After a prolonged campaign, Al Jazeera English will finally be available in the United States. The cable news station managed to sublet some television space in New York City, representatives from the company said Monday.
Although it's a tiny sliver of the vast American market, the development is significant.
Around since 1996 and based in Qatar, Al Jazeera, with its Arabic name and sometimes unflattering coverage of U.S. military interventions around the world, quickly drew the ire of the Bush administration, which colored it as a soap box for terrorists. It's decision to air Al Qaeda videos didn't help and neither did its sympathetic coverage of the Palestinians.
For these reasons, partly, Al Jazeera has never been able to break into the United States, even while it flourished in much of the rest of the world.
More from GlobalPost: The power of Al Jazeera
To Americans lucky enough to watch Al Jazeera English abroad (or online), however, the channel is striking. The breadth of its coverage is like nothing found in the United States. Al Jazeera is covering every corner of the world. While news of Syria, Libya and Egypt dominated the news cycle and the resources of American cable news outlets, Al Jazeera continued to cover the less talked about conflicts in Africa, South Asia and elsewhere.
Al Jazeera's reporting lacks the kind of daily hysteria so prevalent on American cable news stations and its anchors rely on a diverse array of experts, analysts and everyday people that are actually interesting and informed. Although its sympathy for Palestinians — and pretty much every underdog around the world — is obvious, it regularly airs long, nuanced debates between Israelis and Palestinians on both sides.
Of course, it was its blanketing coverage of the vast and complicated story of the Arab Spring that distinguished Al Jazeera in the way that CNN did during the first Gulf War. The coverage has been invaluable to those taking part in, and following, the protests and has helped inspire a kind of independent media renaissance in the Middle East.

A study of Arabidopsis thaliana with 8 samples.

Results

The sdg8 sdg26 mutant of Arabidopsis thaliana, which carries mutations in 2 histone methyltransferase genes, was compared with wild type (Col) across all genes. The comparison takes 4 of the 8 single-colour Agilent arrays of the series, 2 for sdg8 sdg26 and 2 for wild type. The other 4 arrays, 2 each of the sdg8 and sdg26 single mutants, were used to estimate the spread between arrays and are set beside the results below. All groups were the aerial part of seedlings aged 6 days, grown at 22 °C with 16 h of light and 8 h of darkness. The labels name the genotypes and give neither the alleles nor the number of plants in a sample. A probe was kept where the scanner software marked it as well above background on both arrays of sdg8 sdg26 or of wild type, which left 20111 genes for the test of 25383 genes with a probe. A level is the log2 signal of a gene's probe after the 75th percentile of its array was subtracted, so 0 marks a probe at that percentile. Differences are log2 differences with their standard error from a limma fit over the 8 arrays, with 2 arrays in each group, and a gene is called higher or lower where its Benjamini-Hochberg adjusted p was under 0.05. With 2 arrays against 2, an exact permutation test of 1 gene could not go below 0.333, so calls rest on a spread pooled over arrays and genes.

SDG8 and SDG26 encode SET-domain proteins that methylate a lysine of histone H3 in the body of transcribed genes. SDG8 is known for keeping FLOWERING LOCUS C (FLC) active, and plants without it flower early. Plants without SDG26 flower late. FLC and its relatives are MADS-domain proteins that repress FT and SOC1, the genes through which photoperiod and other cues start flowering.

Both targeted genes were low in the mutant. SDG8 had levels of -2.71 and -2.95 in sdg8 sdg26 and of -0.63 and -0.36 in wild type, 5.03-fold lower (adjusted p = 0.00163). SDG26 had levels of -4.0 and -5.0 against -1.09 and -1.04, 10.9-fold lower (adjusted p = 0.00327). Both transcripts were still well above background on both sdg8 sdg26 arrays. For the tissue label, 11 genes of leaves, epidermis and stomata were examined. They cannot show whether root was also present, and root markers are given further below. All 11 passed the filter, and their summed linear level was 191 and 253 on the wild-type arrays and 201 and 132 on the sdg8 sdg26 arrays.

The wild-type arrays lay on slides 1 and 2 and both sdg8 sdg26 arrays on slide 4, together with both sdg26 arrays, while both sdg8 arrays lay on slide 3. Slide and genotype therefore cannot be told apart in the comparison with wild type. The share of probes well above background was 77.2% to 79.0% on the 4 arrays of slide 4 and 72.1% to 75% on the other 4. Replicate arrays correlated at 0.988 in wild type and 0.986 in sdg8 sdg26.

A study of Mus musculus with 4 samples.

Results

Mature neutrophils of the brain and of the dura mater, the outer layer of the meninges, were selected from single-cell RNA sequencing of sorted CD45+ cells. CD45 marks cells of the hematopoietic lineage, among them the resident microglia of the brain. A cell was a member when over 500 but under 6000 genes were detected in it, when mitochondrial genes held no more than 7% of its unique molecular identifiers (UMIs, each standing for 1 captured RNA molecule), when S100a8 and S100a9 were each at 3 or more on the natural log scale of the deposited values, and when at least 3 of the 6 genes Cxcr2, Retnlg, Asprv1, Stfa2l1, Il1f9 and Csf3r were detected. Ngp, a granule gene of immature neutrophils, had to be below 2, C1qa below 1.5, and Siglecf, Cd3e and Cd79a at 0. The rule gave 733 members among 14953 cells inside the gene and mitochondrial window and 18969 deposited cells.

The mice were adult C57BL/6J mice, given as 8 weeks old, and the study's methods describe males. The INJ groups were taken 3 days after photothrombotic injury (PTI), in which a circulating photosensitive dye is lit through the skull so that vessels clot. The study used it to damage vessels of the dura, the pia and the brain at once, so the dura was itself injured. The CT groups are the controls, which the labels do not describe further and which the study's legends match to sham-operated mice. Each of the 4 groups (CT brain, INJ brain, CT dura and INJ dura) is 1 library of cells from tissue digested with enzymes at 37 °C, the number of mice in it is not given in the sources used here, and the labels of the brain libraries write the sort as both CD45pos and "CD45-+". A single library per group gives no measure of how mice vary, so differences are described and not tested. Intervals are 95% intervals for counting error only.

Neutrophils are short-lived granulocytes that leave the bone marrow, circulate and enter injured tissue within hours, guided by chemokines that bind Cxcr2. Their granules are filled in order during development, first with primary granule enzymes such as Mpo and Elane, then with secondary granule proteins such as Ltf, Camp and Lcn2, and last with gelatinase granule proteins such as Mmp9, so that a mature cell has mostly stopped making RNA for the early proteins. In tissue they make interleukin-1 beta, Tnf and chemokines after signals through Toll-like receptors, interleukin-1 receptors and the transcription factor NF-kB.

Al Jazeera was founded, and is financed, by the monarchy in Qatar. Its coverage of the kingdom is noticeably lacking. But its deep pockets allows it to make up for it in the rest of the world.
As an editor in charge of coverage on the Middle East, Afghanistan and Pakistan, it is hard to exaggerate the importance of Al Jazeera English on my work.
But I first fell for the cable news station while living in Indonesia, long before my life revolved around the Arab world. Exhausted by the chattering heads on American news networks, I loved Al Jazeera's straightforward reporting and I found its perspective on U.S. news refreshing. It aired on-the-ground footage from conflicts all over the planet, footage that I was shocked to be seeing on television but ultimately grateful for it helped me understand the true costs.
It was stuff that would never be shown in the United States, which is perhaps what makes Al Jazeera so important.